In Baltimore, in the middle of the mortgage mess, a lot of despair has landed on Roy Miller's desk.
Miller, a housing counselor for a nonprofit group, is saving some of his neighbors' homes. Foreclosure filings jumped 25 percent in Baltimore last year, but in Miller's neighborhood, the number dropped, and he gets most of the credit in this credit crisis.
Miller used to sell mortgages, so he knows the game. But many of his clients didn't.
"They can say this is a fixed rate but they don't tell you it's only fixed for two years and your payment is going to jump up $300, $400 in two years. You know, you do not understand that paperwork when they are sitting in front of you when you've got four hours of documents to sign," he said. "That's predatory lending."
Baltimore, like other cities, was flooded with cheap loans and became a subprime town. But city officials charge that predatory lending here was aimed at one group and was no coincidence.
"Foreclosures in the African-American community are four times higher than in non-African-American communities," said Baltimore's Mayor Sheila Dixon.
Dixon has taken a bold step, suing the biggest lender in Baltimore: Wells Fargo. She says its practices were predatory and led to boarded up homes and entire blocks that are nearly deserted.
Dixon maintains that Wells Fargo offered better deals to white people who wanted to own a home. She says she compared "apples to apples," evaluating black and white applicants with the same credit records, same type of housing requests and the same income levels, and says Wells Fargo took advantage of a vulnerable group of people.
Homes Lost Forever
Emily Wade took out an adjustable rate loan to pay bills and make home repairs, but when that loan ballooned she found it difficult to make payments. Her home went into foreclosure last year.
"It's like an avalanche. It goes like cotton candy," Wade said. "Before you know it, you're in trouble and you're getting a call you're in foreclosure."
While the house sat empty, she was often forced to sleep in her car, until it was repossessed.
"I cried," Wade said. "The home that I grew up in, a legacy that was left to me by my parents, it was lost forever. It was devastating."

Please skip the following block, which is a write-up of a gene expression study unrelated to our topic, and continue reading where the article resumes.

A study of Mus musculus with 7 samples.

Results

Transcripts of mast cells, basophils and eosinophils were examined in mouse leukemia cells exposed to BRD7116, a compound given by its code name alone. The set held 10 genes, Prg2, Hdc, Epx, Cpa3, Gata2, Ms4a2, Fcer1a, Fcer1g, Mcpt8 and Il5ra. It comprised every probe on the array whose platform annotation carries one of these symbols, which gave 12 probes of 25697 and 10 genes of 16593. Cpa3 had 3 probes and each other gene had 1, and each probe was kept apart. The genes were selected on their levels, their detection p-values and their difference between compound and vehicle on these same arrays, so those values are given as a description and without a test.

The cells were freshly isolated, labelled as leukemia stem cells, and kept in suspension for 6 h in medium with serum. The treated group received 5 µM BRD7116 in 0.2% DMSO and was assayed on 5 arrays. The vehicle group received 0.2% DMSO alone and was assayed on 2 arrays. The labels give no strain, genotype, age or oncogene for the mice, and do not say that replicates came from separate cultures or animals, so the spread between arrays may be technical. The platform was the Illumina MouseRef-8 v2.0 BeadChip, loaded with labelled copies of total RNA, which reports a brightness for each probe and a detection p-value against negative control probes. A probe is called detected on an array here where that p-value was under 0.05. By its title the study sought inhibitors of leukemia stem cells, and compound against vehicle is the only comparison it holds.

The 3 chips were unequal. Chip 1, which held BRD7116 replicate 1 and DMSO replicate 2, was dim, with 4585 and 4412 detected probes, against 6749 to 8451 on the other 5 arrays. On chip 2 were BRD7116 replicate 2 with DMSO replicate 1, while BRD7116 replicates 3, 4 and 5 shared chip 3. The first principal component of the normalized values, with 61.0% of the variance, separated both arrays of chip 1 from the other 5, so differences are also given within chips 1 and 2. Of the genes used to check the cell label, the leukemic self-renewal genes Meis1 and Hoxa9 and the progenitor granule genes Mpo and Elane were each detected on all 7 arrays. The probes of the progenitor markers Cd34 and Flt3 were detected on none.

Wells Fargo says the city is to blame by placing tax liens on homeowners who hadn't paid city tax or utility bills.
"Wells Fargo does not make lending decisions based on race or ethnicity," said Wells Fargo vice president Brad Blackwell.
In asking a judge to dismiss the lawsuit, the bank said, in a preliminary statement, that it is being singled out: "This is an unprecedented lawsuit in which the city seeks to use a single financial services company as a scapegoat for broad social problems that have plagued Baltimore for decades, including some caused by the city's own actions."
"Nobody wins when foreclosures happen. The lender loses money, the borrower loses their home. And most lenders have sold that loan to an end investor and the investor loses money," Blackwell said.
While the city sues, Miller works.
"In the beginning, it made me angry," he said of his clients' loan agreements. "And in some cases I got on the phone and had a discussion with the lender."
Miller works both sides: hammering lenders to renegotiate, and offering some tough love to his clients, such as Brandon Lee, who is three months behind on his mortgage and just got a warning letter from his lender.
Lee has been in his house five years. Two jobs for this single father of two are not enough.
"You still need to think about ways that you can generate more income," Miller counseled him. "Because you don't want to live in a cash poor situation. This is reality right here."
Lee said, "He gave me some hope. I mean, as long as I do what he says, I have a better chance of keeping my home."
Lee's first renegotiated payment was due two weeks ago. He made it.
But Miller acknowledges that he can't save everyone. "You do your best, and we have been very successful. The percentages are good, but some people just ... you can't save them all. Some people had no business in the first place."
So, now it's Miller's business, trying to save one home at a time.